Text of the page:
Harley-Davidson was the last company anyone expected a surprise from at the traditionally Euro-centric EICMA Expo in Milan, but a surprise was exactly what we got when the American manufacturer revealed its plainly named Street 500 and Street 750, the first models from an all-new, entry-level motorcycle family. For that matter, Harley-Davidson was the last company anyone expected to introduce a new line of beginner-ready, midsized motorcycles, but that’s exactly what these two new bikes, designed especially to target young, urban riders, are designed to be. With minimalist styling that encourages customization and reasonable retail prices ($6,700 for the 500; $7,500 for the 750), the made-in-Kansas-City—not India, as earlier rumors suggested—Streets are the best bargains in Harley-Davidson’s lineup, too. Think of these as Sportsters built for the next generation of the Bar-and-Shield brigade.
First, this is not a recycled Buell Blast! The Street is Harley-Davidson’s first all-new platform in 13 years (since the V-Rod was released in 2001), and these bikes have little if anything in common with any existing Harley-Davidson product, aside from some superficial engine architecture shared with the V-Rod. The Street’s liquid-cooled, 60-degree Revolution X V-twin powertrain is all new, with single overhead cams and four valves per cylinder for efficient performance and a six-speed transmission tied to the rear wheel with a maintenance-free belt final drive. H-D even says it sounds right, though we’re betting this potato-potato exhaust note will be more Baby Red than Yukon Gold.
The tubular-steel cradle frame is lean and low to the ground for a non-threatening stance and a low, 26.3-inch seat height, while reasonably located mid-mount controls and a wide, high-leverage handlebar should provide confidence-inspiring steering and maneuverability to defy the 59.5-inch wheelbase. Full-sized, 15-inch rear/17-inch front wheels suggest straight-line stability and look great too, while dual-shock rear suspension and large-diameter disc brakes front and rear should bring the 480-pound (claimed, wet) Street to a safe, quick stop. That’s around 100 pounds lighter than the Iron 883, by the way, and the 750 provides a better power-to-weight ratio than the Iron 883 also, Harley-Davidson says. It’s got two inches more suspension rear suspension travel than the Iron-butted Sporty, too.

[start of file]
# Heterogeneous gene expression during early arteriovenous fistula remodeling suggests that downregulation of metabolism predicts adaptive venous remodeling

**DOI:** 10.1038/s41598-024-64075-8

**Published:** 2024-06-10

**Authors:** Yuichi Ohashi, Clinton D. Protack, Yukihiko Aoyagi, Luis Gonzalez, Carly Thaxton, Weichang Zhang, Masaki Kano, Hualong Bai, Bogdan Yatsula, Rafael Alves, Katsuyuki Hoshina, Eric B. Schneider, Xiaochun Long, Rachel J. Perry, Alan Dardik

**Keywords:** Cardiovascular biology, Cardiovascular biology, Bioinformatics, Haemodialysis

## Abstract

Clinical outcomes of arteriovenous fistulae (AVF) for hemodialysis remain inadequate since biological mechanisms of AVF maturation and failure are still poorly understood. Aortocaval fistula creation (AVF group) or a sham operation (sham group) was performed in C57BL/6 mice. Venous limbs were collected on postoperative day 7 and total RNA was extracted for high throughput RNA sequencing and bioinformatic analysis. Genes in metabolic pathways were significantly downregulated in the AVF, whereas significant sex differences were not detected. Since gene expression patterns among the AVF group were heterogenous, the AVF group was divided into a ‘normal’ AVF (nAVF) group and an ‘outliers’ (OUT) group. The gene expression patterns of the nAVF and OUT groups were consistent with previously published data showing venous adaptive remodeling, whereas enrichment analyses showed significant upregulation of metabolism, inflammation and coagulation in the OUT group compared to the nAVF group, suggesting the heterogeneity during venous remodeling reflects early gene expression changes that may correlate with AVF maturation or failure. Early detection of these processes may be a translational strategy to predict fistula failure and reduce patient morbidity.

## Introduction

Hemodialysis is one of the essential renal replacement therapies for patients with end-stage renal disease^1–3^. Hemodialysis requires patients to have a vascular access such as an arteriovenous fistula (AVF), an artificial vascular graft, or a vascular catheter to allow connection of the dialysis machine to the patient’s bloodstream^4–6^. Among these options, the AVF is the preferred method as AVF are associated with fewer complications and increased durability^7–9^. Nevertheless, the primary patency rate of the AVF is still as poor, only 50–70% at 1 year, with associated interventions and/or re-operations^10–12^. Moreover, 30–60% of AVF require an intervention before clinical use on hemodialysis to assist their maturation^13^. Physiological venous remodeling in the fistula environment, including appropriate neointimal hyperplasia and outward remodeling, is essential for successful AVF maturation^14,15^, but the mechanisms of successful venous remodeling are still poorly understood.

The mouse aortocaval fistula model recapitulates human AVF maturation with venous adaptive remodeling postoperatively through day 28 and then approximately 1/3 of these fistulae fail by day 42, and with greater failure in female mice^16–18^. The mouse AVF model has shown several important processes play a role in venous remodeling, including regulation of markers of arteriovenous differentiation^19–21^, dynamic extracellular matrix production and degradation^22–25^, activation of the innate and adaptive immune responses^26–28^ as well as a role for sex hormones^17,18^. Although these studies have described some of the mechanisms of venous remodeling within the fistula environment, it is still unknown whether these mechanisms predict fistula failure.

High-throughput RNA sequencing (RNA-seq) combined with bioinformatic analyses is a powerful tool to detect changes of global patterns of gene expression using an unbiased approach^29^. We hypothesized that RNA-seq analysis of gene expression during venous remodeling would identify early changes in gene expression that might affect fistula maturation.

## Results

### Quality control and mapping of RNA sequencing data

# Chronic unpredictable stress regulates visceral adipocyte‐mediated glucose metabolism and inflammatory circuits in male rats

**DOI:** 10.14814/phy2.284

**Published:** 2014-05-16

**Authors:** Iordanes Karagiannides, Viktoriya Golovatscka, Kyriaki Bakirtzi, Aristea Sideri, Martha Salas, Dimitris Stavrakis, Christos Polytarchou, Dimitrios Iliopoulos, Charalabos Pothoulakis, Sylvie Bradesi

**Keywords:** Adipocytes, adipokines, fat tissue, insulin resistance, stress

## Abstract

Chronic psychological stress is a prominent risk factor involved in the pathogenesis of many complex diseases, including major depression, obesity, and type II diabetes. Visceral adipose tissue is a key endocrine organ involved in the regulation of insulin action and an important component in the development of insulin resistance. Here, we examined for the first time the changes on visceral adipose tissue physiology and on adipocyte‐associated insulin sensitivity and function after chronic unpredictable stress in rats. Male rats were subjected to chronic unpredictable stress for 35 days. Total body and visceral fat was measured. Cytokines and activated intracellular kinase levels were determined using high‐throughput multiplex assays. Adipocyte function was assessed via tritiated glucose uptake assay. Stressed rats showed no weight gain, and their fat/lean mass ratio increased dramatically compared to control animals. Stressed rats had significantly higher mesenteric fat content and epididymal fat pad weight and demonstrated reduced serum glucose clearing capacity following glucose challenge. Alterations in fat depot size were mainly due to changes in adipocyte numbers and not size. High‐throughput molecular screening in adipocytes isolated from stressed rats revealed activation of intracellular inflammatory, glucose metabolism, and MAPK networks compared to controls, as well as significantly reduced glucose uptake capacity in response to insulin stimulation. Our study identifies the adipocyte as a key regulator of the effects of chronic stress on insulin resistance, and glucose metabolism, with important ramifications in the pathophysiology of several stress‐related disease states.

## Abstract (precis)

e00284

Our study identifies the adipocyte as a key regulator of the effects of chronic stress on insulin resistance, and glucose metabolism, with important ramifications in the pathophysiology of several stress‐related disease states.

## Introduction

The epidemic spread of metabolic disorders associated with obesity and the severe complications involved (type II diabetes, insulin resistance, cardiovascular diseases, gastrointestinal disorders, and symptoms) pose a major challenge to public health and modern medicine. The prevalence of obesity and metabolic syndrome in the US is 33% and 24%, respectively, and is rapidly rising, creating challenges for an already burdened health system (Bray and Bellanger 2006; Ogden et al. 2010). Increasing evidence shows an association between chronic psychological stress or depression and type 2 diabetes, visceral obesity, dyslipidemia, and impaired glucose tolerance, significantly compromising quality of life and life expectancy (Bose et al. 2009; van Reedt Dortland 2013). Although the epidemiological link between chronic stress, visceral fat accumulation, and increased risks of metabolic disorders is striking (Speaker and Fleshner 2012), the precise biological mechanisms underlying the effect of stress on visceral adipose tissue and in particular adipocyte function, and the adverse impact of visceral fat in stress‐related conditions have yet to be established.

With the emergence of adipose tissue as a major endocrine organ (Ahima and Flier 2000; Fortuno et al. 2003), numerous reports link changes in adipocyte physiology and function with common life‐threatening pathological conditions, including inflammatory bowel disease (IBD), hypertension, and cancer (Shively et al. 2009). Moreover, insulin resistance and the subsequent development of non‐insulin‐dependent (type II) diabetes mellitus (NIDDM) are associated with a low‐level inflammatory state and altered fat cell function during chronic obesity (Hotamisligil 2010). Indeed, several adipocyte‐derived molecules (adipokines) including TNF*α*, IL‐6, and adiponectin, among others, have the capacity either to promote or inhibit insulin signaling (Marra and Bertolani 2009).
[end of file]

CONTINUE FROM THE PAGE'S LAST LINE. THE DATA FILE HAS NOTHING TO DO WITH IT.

The Motor Company has graced these new models with the “Dark Custom” tag to underscored their intended appeal to young, urban inhabitants, but the styling tends almost toward conservative. A traditional round headlight with a clean bikini fairing, a smooth—and steel—tank with a vintage bar-and-shield logo reminiscent of the XLCR café racer, and a tidy tailsection, also made from steel and hung with an LED taillight, are non-divisive and should be equally appealing to eyeballs in India or Indiana.
Much like with the consumer-led Project Rushmore revision to The Motor Company’s heavyweight touring-bike lineup, Harley-Davidson President and Chief Operating Officer Matt Levatich says that thousands of hours of input from young adults in cities around the world have informed the design and development of both the Street 500 and the Street 750. “These are proof that being customer-led continues to be a core driver of our product development process,” he says.
Harley-Davidson recognizes more than anyone the importance of getting more and younger buyers on two wheels. Kudos to The Motor Company, then, for stepping outside its traditional heavyweight cruiser niche and bringing to market a modern, versatile, economical, and American-made motorcycle to make it easier to accomplish this goal. This is a bold, brave move on Harley-Davidson’s part, and one roll of the dice we hope pay off in the form of many more motorcyclists. The Harley-Davidson Street 750 and Street 500 will be rolling into U.S. dealerships sometime in spring 2014 (only the Street 750 will be sold in Europe). More information is available at www.h-d.com/street microsite.